Climate Corner: Diversity is the spice of life

Dec 3, 2022

Vic Elam

OK, so I took a little liberty with this common axiom, but I will make the case. It has been repeatedly shown that an environment that maintains its native diversity is healthier than an environment that has lost its diversity. In terms of environmental diversity, I refer to plant/animal/soil and so on health, and what some refer to as species richness.

Modern corporate forestry practices that clear cut and replace with a monoculture of seedlings that grow into forests that support little flora and animal diversity, are prone to disease, often deplete soils, result in greater erosion, can influence local climatic conditions, resulting in frequent and ferocious wildfire, and also sequester less carbon than healthy diverse forest. There is a reason that when you walk through a normal forest you find yourself immersed in a variety of trees, those trees established where they are due to small variations in soil, moisture, sunlight, presence of other trees, etc., and this variety of trees support each other. Exceptions such as aspen groves are still a product of the forest conditions that are influenced by the forest as a whole.

Grasslands, like forests remain healthy and productive with the full complement of a diverse array of plants. Forested areas that have been cleared and converted to grassland are devoid of the seed bank that provides the basis of a healthy grassland and are generally less productive or require fertilizer to boost productivity and are vulnerable to invasion by invasive plants. Unfortunately, some farmers feel that their pastures are not in good condition unless they can look across a solid stand of grass that is uninterrupted by milkweed, leadplant, coneflower, butterflyweed, and many other plants that are beneficial to the soil and work in concert with grasses to provide healthy pastures. Farmers often apply a broadleaf herbicide to their pastures that eliminates all broad leaf plants and leaves only grasses, greatly reducing valuable diversity.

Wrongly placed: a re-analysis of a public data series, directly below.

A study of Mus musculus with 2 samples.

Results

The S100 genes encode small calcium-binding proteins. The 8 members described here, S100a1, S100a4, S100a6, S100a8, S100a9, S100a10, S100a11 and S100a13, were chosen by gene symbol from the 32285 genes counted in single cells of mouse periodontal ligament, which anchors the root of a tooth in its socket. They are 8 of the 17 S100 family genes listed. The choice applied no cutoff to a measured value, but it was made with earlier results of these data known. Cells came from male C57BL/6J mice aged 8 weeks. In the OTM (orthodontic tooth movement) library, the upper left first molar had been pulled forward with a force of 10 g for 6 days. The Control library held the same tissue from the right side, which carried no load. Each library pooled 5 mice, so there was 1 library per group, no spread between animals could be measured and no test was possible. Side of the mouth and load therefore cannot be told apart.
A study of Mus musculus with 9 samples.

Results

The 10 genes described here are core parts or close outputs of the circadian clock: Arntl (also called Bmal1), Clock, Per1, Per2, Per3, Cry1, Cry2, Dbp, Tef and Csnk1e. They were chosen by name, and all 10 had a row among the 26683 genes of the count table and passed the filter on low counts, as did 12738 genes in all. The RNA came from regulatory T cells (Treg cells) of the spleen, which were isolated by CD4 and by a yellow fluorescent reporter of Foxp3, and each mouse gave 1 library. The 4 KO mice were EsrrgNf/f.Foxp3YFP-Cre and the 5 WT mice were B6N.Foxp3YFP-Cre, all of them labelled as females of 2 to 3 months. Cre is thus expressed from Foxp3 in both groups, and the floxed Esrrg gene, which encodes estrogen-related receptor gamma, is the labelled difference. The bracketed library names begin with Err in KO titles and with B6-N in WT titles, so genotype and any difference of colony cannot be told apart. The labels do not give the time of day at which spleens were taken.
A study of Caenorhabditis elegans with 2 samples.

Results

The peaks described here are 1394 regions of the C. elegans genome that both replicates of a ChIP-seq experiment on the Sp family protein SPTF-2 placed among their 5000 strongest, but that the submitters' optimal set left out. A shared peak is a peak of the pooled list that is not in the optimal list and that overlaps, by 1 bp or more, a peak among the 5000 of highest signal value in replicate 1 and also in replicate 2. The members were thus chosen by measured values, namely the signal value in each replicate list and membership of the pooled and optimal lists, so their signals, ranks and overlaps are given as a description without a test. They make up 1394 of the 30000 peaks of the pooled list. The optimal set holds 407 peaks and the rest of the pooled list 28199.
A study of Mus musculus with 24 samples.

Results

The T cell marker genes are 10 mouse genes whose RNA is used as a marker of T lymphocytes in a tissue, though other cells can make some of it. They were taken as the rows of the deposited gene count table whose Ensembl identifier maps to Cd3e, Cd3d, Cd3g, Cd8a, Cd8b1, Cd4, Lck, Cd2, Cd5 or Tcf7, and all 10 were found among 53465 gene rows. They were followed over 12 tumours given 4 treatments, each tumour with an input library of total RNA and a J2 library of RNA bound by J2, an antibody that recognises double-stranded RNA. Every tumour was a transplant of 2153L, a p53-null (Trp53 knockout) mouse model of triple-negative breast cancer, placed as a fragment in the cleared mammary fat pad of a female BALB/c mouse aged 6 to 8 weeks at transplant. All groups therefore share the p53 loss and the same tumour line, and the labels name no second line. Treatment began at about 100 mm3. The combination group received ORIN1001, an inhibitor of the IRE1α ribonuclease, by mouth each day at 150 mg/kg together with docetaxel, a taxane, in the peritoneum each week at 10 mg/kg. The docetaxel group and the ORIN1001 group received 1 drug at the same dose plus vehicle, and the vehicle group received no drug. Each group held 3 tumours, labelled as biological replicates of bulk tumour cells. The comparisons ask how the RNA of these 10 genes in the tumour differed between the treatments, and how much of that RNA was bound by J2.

It takes a diversity of pollinators such as bees, butterflies, birds, even bats to do the necessary work of completing the reproductive process required for many plants. Many animals have a role to play in spreading seeds and passing seeds in a process required to allow those seeds to be viable (scarifying). There are many processes in nature that require the interrelationships between plants, between animals, and between plants and animals that are pivotal in their continued existence – symbiotic relationships. When we lose diversity, those relationships are severed, and we lose the health of our ecosystems.

The health of our climate and diversity are inexorably linked. Even the casual observer can see the impact that climate change is having on diversity. A close observation reveals alarming declines in diversity, part of which is associated with the spread of invasive plants and animals, some is due to climatic conditions becoming unfavorable for certain species, and many other factors.

Certainly, the effects of climate change have a direct and obvious impact to human populations from weather events such as drought. I would argue that self-imposed impacts to humans linked to diversity and its impact on the ecosystems on which we rely to provide us food, oxygen, clean water, and shelter may be as critical as any weather phenomenon that we are or will experience. I think that we will find that anything that we can do to reduce our impact and stave off the worst impacts of climate change are worthy endeavors. Each of us can play a part and collectively make a world of difference.


Vic Elam is an avid outdoorsman and contributor to organizations that share his concern for our environment, including Mid-Ohio Valley Climate Action.